The Monte Carlo method describes a class of algorithms which use repeated random samplings to produce statistical or approximate results. A famous algorithm employing such a method, brought to my attention by my friend Jeremy Self recently, is one which calculates the digits of pi.
It starts by considering the ratio between the area of a circle and a bounding rectangle. To make the math easier, you can take the unit circle with radius \(r = 1\) and a bounding box with sides of length 2, presented below. The area of a circle is \(\pi r^2\), and a square \(a^2\), where a is the length of a side. The areas of our unit circle and bounding square are therefore \(\pi\) and 4, respectively.
If we randomly plot points somewhere inside the square, we can expect for the ratio of points inside and outside the circle to be equivalent to the ratio between the areas of the circle and the square, or \(\pi/4\). The more points we plot, the lower the error rate we should encounter: you can understand this intuitively, as it's possible to plot 5 random points inside the circle and get \(\pi = 4\), but for 10,000 points it's incredibly unlikely.
We can make the further observation that each quadrant represents an area of a quarter circle and a unit square with the same ratio discussed above, so we can use random samplings where \(0 <= x <= 1\) and \(0 <= y <=1\), which works well for lots of random number generators that generate floats in this range.
This is an incredibly simple algorithm to implement, so we decided to have a little shootout and see how the naive solutions fared in multiple languages, running this algorithm with 100,000,000 iterations.
I implemented the algorithm in C, Rust, Go, Python and Ruby, and between Jeremy and the other Jeremy we also had a PHP implementation, which I used below, and a Common Lisp implementation kicking about. The point really wasn't to compare languages to each other; more to challenge our own preconceptions about their performance characteristics.
These are the runtimes on my fairly old Intel I5 750:
Despite only testing function call overhead (or compiler inlining), arithmetic,
rand, I still learned some interesting things and encountered some surprising results.
There are large differences in the speed of random number generators; having never looked at the implementations of any, I had assumed that most would use the same algorithms. Rust has quite a few at its disposal, and
XorShiftRng gave me the fastest results of any language in my tests, while using
rng::task_rng() clocked in at 9.45s, slower than PyPy. Since these processes have to seed the generator and produce 200,000,000 random numbers, the tradeoffs made in each RNG implementation can represent huge shifts in elapsed time.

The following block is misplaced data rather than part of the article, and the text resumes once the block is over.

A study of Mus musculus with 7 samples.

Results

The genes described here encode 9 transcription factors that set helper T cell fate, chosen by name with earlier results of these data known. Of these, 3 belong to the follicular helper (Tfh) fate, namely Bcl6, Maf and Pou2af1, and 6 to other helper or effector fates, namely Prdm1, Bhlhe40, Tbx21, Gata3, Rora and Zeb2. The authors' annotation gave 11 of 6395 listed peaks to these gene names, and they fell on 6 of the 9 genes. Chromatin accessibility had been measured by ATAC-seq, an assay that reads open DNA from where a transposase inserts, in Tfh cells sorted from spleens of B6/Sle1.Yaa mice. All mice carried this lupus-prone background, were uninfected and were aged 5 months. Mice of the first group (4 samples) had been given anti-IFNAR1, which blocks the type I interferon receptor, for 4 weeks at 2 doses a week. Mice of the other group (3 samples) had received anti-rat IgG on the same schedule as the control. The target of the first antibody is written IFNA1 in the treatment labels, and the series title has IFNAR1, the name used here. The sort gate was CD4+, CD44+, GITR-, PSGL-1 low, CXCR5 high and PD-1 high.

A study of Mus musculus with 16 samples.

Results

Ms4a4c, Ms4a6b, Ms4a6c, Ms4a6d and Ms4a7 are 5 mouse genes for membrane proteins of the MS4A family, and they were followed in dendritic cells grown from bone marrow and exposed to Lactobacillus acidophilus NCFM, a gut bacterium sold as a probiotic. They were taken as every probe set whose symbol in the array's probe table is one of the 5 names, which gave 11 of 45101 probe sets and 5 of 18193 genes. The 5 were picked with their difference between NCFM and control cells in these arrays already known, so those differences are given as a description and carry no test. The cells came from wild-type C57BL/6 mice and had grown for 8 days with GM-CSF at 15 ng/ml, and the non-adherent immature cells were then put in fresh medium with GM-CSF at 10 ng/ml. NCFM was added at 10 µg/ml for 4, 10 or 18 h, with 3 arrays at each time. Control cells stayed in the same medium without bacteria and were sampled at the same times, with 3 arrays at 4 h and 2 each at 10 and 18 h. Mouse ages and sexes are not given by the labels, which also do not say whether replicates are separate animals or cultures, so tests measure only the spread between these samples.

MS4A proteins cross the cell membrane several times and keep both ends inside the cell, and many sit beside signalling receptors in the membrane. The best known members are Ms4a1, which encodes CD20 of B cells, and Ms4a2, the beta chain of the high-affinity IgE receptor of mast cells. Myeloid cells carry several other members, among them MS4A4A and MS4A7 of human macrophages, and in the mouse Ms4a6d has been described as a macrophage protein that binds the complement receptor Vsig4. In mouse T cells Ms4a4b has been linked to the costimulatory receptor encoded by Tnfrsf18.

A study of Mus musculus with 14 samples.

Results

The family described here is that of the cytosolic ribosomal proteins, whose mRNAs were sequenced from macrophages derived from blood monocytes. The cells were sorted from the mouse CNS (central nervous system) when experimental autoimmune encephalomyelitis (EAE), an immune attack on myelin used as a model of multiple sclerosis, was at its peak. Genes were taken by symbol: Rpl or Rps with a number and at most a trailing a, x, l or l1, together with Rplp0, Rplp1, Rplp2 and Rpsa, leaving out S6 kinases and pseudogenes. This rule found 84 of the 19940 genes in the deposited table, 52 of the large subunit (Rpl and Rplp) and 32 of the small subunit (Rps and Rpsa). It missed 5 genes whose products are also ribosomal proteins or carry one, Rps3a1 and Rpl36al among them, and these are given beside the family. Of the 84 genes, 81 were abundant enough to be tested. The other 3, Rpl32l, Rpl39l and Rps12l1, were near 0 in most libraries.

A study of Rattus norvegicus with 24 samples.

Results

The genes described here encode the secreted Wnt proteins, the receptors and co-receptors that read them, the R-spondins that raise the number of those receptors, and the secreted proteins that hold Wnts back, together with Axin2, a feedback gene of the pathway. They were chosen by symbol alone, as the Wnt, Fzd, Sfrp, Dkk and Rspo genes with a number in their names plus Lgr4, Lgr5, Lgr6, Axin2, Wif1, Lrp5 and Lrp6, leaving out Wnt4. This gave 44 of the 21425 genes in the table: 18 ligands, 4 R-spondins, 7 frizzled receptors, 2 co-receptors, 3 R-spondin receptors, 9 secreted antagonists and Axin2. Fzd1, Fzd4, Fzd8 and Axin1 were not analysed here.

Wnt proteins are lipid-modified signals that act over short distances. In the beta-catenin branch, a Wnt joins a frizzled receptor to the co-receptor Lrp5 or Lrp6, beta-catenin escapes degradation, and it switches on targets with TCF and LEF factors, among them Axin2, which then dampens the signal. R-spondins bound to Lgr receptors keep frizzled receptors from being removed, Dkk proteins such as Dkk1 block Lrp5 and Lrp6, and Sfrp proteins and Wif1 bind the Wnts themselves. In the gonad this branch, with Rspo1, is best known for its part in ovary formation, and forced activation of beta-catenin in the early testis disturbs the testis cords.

Function calls have surprisingly variable overhead across languages. While I expected that manual inlining of the various
in_circle test functions to improve the performance of most languages, in PHP in particular the effect was drastic: runtime drops from 54s to 36s. To compare, the Python runtime only improved by 2s to 48s.
After using Go for so long, I'd blissfully forgotten about compiler optimization flags and other build-time tuning.
When I'd initially implemented the rust version, I used the
task_rng random number generator and no optimization switches on rustc, which resulted in a surprisingly high runtime of 24s. Turning on the optimizer lowered that to 9s, nearly 3x improvement. Running with
XorShiftRng unoptimized was 9s itself, and flipping on the optimizer got nearly 5x improvement. I'm unsure if this says good things about the optimizer or bad things about the quality of output when not running it.
This made me think to turn on the optimizer for C as well, and finally to try out gccgo and see what it would produce. The runtimes for unoptimized gccgo and C were both around 3.6s, which means that simply adding
-O2 to the build roughly doubles performance. Again, this surprised me; I'd always thought, based primarily on ignorance and scoffing at gentoo, that optimizers would produce some incremental improvements at best, and perhaps for general purpose desktop software where you're rarely CPU bound, they do. I wish I had some better knowledge about compiler optimizers to share; for now, these observations will have to suffice.
The star of the show in my mind has to be PyPy: its results on some unmodified, straightforward Python code are pretty astonishing, given the dismal performance of CPython. This is just the sort of thing that should be its bread and butter, but it really came through in a big way. Ruby's results were also quite impressive, as I'd run the Python code first and expected Ruby to be around the same. I was expecting the massive gulf between the scripting and compiled languages, but PyPy shows that this needn't be the case.
These programs represent the tiniest slice of their respective languages, and surely say more about my relative abilities between them than some deeper truths on the language of implementation. Although it should be obvious, I strongly warn against using the results to determine what language to use for a real project, but perhaps this exercise can inspire you to do your own experiments and learn some interesting algorithms in the process!